Who isn’t suffering nowadays? We’re surrounded by tragedy, difficulty, and challenges. And then we look at the headlines every day, and we read about even more suffering!

Yet, can the source of some of our misery possibly be that we view our lives in a limited way, believing that where we are now represents how we always were and will be?

Our world is just a tiny snapshot of the infinite cosmic worlds, and we are seeing but a tiny dot of the full picture. But moreover, even within the here and now of our physical world, everything remains in a state of flux. We may not be aware of it, but at every moment there is enormous change. The shift may occur so slightly as to be imperceptible to our eyes and minds, but it is taking place.

One of the most moving accounts of hope emerges from within overwhelming darkness, as the Torah records the first exchange between G‑d and Moses.

The Jewish people had been experiencing the severest tyranny of their Egyptian oppressors, and then G‑d commanded Moses to reveal that He will be freeing them from bondage.

Moses responded to G‑d with a question: "When I come to the children of Israel, and I say to them, 'The God of your fathers has sent me to you,' and they ask me, 'What is His name?' what shall I say to them?" 1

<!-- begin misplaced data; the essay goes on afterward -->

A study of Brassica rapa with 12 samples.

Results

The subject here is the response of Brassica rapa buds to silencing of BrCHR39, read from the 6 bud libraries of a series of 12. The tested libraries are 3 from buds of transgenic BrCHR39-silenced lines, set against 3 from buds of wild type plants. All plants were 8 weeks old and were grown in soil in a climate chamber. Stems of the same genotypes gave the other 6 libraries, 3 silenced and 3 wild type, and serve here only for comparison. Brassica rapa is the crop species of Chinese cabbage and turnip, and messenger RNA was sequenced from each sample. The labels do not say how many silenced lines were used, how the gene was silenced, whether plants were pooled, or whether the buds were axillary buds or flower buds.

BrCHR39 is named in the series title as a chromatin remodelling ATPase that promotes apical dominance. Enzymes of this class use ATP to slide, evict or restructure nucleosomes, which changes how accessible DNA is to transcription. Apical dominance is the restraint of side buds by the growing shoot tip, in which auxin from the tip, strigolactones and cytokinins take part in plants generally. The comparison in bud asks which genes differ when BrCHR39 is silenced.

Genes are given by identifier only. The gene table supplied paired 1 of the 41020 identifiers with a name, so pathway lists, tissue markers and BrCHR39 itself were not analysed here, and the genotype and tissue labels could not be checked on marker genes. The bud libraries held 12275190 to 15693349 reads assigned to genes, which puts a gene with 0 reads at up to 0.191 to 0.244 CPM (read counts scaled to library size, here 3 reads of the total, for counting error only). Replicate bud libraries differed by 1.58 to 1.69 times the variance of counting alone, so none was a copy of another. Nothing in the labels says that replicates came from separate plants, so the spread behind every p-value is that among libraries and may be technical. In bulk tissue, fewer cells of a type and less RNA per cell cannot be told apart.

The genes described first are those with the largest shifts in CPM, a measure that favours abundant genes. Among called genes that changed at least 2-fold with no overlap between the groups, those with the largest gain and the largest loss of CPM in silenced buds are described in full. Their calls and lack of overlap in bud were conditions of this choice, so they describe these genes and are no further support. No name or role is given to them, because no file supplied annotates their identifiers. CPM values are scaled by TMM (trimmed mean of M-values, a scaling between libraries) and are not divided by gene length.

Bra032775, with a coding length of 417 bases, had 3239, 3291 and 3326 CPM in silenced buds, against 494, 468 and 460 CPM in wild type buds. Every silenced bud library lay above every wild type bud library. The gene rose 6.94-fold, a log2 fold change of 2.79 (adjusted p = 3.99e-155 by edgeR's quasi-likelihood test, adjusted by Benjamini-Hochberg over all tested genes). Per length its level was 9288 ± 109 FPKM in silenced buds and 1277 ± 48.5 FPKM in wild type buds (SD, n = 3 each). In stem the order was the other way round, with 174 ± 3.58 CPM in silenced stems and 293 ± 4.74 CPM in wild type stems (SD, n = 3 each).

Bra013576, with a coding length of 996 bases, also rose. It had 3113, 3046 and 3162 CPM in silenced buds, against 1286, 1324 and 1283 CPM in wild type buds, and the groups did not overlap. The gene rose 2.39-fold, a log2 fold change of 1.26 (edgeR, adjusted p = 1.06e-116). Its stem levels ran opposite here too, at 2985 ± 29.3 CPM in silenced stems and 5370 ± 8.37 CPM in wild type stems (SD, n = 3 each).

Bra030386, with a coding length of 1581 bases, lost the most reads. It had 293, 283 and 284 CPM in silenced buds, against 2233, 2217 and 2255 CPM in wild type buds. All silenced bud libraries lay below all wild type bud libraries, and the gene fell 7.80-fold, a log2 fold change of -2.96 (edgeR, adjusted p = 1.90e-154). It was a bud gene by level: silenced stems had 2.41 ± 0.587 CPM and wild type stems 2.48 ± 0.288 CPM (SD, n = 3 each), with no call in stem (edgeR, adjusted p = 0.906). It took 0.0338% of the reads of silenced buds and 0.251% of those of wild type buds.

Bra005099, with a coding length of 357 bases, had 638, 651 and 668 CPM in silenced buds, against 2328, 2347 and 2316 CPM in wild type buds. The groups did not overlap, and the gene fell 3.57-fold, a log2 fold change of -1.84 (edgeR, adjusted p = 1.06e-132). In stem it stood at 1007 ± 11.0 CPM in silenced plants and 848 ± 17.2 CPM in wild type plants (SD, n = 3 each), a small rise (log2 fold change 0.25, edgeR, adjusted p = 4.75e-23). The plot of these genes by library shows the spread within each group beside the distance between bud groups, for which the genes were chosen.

By this request for a divine name, Moses sought to bring a measure of solace and hope to a broken people that this indeed was a promise to them from the G‑d of their forefathers.

Yet G‑d responded elusively. Moses should convey to the Hebrew slaves that G‑d’s name is “I will be what I will be.”

For a time, the slavery became worse after Moses communicated G‑d’s promise. Though the seeds of redemption were sown, from the people’s perspective nothing had changed. And yet we can see in retrospect that the situation was dramatically evolving.

Perhaps G‑d’s message to the downtrodden people is G‑d’s message to us in our moments of misery: we can connect to divinity with “I will be what I will be”—the power to be.

When we realize that being is inseparable from becoming, we can free ourselves from our anxieties and self-defeating habits.

When the blackness seems overpowering, when the tedious monotony is driving us to the brink of insanity, we can take comfort in the realization that nothing in our world remains static.

Not our present challenges. Nor who we are.

You, your life, and your circumstances are an integral part of G‑d’s cosmic plan, emerging anew every instance. The present is only what we have brought from our pasts, and what we will use to forge into our immediate futures.

There is no static “is.” There is only what we were—and most importantly, what we choose to become.